Americans Support Border Wall, Fear Civil War
A new poll is revealing that the majority of Americans support building a border wall and enabling states to defend the border in the federal government’s absence. According to an I&I/TIPP survey released on Monday, 59% of American voters back the construction of a southern border wall, including 41% who “strongly” support the wall and 18% who “somewhat” support it. Only 32% oppose it, either “strongly” (17%) or “somewhat” (15%). Notably, nearly half (43%) of Democrats support a border wall, with only 47% opposing it. The border wall also has support from minorities, with 52% of black Americans and 54% of Hispanic Americans backing it.
This comes as Texas Governor Greg Abbott (R) and a slate of other Republican governors have mobilized state National Guards to defend the border, while the Biden administration refuses to address the crisis. As congressional Democrats have urged President Joe Biden to federalize the Texas National Guard, a plurality of Americans oppose the move: only 38% of voters said that they would support Biden in commandeering the National Guard, while 50% said they would oppose the decision. The survey notes:
“On this question, political party choice tells the tale: Democrats would support Biden strongly at 61% to 23%. Republicans, by comparison, would even more strongly oppose the move, with just 16% supporting Biden and 78% opposing him. Likewise, only 33% of independents support such a bold move by Biden, while 49% oppose it.”
Additionally, a number of Americans have expressed their concern that the conflict between the Biden administration and the state governors trying to stem the tide of illegal immigrants could result in a second civil war. Forty-nine percent of voters said that they were concerned “that the widening differences over illegal immigration could turn into open conflict.” Only 38% said that they were not concerned, while 11% said they were not sure. On this question, white Americans were split, with 47% expressing concern and 43% responding that they were not concerned; whereas 59% of black and Hispanic Americans said that they were concerned about a civil war and only 28% said that they were not.
The dispute over controlling the southern border has been rapidly approaching a boiling point over the past weeks. In addition to Abbott’s efforts to place razor wire barriers along the border, House Republicans voted last week to advance articles of impeachment against Biden’s Homeland Security Secretary, Alejandro Mayorkas. The resolution argues that Mayorkas has committed high crimes and misdemeanors in essentially abandoning his responsibility to secure the nation’s border and refusing to enforce the nation’s immigration laws.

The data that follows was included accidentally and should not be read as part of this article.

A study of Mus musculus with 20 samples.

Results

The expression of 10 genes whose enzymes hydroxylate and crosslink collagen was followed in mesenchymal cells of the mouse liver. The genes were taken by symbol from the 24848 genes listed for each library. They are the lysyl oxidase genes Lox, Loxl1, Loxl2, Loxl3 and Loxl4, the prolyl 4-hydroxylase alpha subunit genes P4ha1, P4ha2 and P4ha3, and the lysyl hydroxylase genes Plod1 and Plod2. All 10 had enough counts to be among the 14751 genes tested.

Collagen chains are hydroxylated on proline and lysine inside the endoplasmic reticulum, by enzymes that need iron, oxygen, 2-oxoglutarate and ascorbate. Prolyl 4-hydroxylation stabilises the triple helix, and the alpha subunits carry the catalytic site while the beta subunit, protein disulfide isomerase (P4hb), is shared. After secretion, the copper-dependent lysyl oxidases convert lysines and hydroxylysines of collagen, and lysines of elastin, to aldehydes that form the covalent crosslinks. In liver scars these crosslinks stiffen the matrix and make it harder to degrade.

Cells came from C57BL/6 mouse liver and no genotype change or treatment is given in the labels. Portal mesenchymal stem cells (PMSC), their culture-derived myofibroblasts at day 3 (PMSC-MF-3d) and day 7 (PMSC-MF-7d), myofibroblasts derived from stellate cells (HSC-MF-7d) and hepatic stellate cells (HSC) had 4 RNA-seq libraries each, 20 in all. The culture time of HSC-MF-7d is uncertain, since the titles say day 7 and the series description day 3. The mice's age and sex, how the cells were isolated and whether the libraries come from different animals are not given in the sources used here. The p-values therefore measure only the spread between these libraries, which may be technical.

“Wouldn’t it be more orderly, and wouldn’t it be responsible governance,” he asked in an interview, “to be able to deliver a lawful pathway to fill what we have, which is a labor need, and cut the exploitative smugglers out and give individuals a path to arrive lawfully, safely, in an orderly way, to perform labor that we need?”
Instead of enforcing existing immigration law, Mayorkas has made it clear that he would rather enforce new or adjusted versions of that law. He recently served as the White House’s advisor on the creation of a new U.S. Senate bill which is being touted as a “compromise” between Democrats and Republicans on the border. The text of that bill, drafted behind closed doors, was finally released Saturday evening. Entitled the Emergency National Security Supplemental Appropriations Act, 2024, the 370-page piece of legislation has been met with fierce criticism by stalwart conservatives. One of the bill’s key provisions is the creation of an emergency authority to bypass standard deportation procedures and speedily remove illegal entrants into the U.S. — but that emergency authority is only triggered if the week-long average daily illegal entries exceed 5,000 people. That emergency authority also expires once illegal entries decrease to an average of 3,750 people per day over a two-week period.
While the bill would appropriate billions of dollars for the hiring of additional border security personnel, the majority of these would be immigration judges and thousands of U.S. Citizenship and Immigration Services officers to process asylum claims. The legislation would also link border security to $48 billion in aid to Ukraine and almost $16 billion to Israel, leaving $54 billion to be spent on domestic protection. That is, out of the total $118 billion in appropriations, more than half would be going overseas.
Some Republicans have responded to the bill with outrage. Senator Mike Lee (R-Utah) called the legislation “asinine,” further noting, “As to the substance of the ‘border emergency authority,’ it appears to be left to the discretionary whims of Secretary Mayorkas — who, I might add, is currently being impeached for failing to actually enforce existing law.” Senator J.D. Vance (R-Ohio) echoed Lee’s sentiments, saying, “The House is impeaching Mayorkas next week while the Senate will be voting to give him massive discretion to ... not enforce the border. Why would any Republican vote for this?” House Speaker Mike Johnson (R-La.) said, “This bill is even worse than we expected, and won’t come close to ending the border catastrophe the President has created.” He pledged, “If this bill reaches the House, it will be dead on arrival.”
A Harvard CAPS-Harris poll released last month found that Biden’s approval rating is ranked lowest on immigration (at 35%) as the issue has beaten out inflation, economy, and even surging crime rates as the most important crisis for American voters. The same poll found that nearly 60% of Americans agree that they “miss Donald Trump’s policies on the economy, immigration and crime,” including almost a third of Democrats.
S.A. McCarthy serves as a news writer at The Washington Stand.